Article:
The Defense Department is taking its largest step ever to prepare the military for a world in which climate change impacts military operations, weapons and real estate, and is making some efforts to be more transparent about its own greenhouse emissions and the emissions of the companies with which it contracts.
The 32-page strategy, released by the Pentagon Thursday, is aimed at building a military that operates within a world where extreme weather, melting ice caps and shifting resources is the norm.
“Climate change will continue to amplify operational demands on the force, degrade installations and infrastructure, increase health risks to our service members, and could require modifications to existing and planned equipment,” Defense Secretary Lloyd Austin wrote in the plan. “Extreme weather events are already costing the Department billions of dollars and are degrading mission capabilities.”
He continued to note that DoD must change as well.
“The Department must take bold steps to accelerate adaptation to reduce the adverse impacts of climate change. These adaptation efforts must align with our strategic objectives and mission requirements, ensuring that our military can deter aggression and defend the nation under all conditions,” Austin wrote.
The strategy is made up of five lines of effort, mostly focused on ensuring the military can operate effectively in the new climate structure.
One effort targets leadership in adding climate change to their decision making process.
From now on, DoD will incorporate climate change factors into all threat assessments and strategies and will incorporate climate exposure and sensitivity into its cost-benefit analyses. That includes consideration of greenhouse gas emissions and their social impact.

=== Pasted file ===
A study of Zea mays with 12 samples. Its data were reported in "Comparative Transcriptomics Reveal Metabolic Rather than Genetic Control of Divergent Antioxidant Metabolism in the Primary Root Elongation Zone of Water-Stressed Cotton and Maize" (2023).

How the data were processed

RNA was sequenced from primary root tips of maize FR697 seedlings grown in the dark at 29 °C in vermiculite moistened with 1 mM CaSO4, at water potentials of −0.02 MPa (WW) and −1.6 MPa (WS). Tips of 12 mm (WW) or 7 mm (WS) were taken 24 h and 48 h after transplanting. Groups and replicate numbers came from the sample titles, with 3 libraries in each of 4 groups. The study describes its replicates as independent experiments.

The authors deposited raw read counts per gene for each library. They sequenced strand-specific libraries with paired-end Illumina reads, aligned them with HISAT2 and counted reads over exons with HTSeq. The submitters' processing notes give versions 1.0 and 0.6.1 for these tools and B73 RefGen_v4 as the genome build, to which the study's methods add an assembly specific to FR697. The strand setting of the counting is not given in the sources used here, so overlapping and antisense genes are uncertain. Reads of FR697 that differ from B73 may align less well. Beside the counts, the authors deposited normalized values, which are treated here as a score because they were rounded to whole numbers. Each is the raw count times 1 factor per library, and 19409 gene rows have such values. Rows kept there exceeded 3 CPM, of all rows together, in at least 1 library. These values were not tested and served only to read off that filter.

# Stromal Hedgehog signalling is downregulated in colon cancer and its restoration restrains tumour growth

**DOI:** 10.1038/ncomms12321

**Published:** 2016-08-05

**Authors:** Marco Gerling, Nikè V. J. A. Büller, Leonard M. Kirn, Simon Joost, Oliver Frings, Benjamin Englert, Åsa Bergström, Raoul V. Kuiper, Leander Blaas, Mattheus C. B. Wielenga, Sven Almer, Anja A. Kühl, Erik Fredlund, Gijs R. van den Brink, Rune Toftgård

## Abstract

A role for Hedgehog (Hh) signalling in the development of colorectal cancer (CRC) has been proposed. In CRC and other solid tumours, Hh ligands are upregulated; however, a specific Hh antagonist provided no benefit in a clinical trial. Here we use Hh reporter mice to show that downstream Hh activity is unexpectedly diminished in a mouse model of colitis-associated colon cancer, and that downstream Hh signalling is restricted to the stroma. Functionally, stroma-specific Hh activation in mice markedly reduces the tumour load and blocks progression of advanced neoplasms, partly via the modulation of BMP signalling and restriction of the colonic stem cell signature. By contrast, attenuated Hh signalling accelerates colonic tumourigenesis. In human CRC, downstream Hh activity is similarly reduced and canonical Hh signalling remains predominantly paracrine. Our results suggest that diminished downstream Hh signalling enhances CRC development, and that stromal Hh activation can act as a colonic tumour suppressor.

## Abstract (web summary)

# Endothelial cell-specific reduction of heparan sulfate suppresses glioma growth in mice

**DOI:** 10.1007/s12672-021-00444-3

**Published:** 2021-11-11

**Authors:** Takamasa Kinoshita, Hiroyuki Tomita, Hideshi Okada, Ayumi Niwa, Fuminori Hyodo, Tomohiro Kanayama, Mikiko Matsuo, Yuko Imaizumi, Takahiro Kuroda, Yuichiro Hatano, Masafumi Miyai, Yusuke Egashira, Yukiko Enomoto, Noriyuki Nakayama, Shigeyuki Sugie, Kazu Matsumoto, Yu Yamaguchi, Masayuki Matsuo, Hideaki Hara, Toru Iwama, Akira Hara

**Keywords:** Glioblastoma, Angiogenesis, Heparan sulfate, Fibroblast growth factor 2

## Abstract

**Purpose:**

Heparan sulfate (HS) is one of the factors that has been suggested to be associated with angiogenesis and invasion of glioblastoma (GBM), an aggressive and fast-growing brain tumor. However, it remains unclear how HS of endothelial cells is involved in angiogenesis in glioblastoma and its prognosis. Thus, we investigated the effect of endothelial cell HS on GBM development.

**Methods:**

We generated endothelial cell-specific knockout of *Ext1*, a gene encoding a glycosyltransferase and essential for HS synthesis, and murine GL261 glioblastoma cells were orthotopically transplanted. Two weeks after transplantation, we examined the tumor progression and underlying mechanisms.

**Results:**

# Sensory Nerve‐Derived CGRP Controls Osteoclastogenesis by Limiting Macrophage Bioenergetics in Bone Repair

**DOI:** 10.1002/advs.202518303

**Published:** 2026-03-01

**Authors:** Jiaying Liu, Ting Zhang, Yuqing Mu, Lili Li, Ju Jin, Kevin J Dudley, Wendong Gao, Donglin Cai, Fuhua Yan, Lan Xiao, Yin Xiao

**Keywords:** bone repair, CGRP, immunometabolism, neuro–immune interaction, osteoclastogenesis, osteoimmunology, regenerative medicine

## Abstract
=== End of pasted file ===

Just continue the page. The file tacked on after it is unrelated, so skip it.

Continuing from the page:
DoD already has some tools it uses to this end, like the Air Force’s Geospatial Supply Chain Risk Identification and Monitoring, which alerts critical suppliers when they are in the path of environmental risks.
Another large effort mandated by the strategy is simply training troops for a world mangled by extreme weather and equipping them with the right gear to handle it.
DoD will start training more in extreme weather conditions, possibly by new systems or updated existing ones to be more resilient in those conditions and test current equipment for durability.
After seeing multiple bases effected by natural disasters and sea level rise, DoD is focusing efforts are hedging its infrastructure against environmental threats.
DoD will create standards for installation readiness and constantly monitor bases for resiliency. This step has been a pet project of Rep. Jim Langevin (D-R.I.) chairman of the House Armed Services Cyber, Innovative Technologies and IT subcommittee. Langevin pushed DoD to assess its bases for threats from climate change.
Additionally, the Pentagon is planning on protecting its supply chain from extreme weather, which includes reckoning with the amount of emissions and energy use DoD contributes.
The department will stress test its supply chain and work with major suppliers to fix areas of risk. It will also consider stockpiling key materials.
DoD plans to leverage its purchasing power to push industry into being more climate conscious.
“The department will use its position as the single largest buyer of goods and services to drive transparency within and across its supply chain; expecting major suppliers to fully disclose greenhouse gas emissions and broader environmental, social and governance performance,” the strategy states.
The Pentagon plans to pioneer carbon-sequestering technologies as well, which stores dangerous gasses instead of letting them into the atmosphere.
DoD will also focus on topics like enhancing climate literacy in its work forces, updating assessment capabilities and forming installations that can rapidly respond and recover from disruptive conditions.
The Pentagon’s strategy spurs from a broader mandate from the White House, requiring 23 agencies and departments to come up with climate adaptation plans.
“Agencies face a multitude of risks caused by climate change, including rising costs to maintain and repair damaged infrastructure from more frequent and extreme weather events, challenges to program effectiveness and readiness, and health and safety risks to federal employees who work outside,” a statement from the White House reads. “By taking action now to better manage and mitigate climate risks, we will minimize disruptions to federal operations, assets and programs while creating safer working conditions for employees.”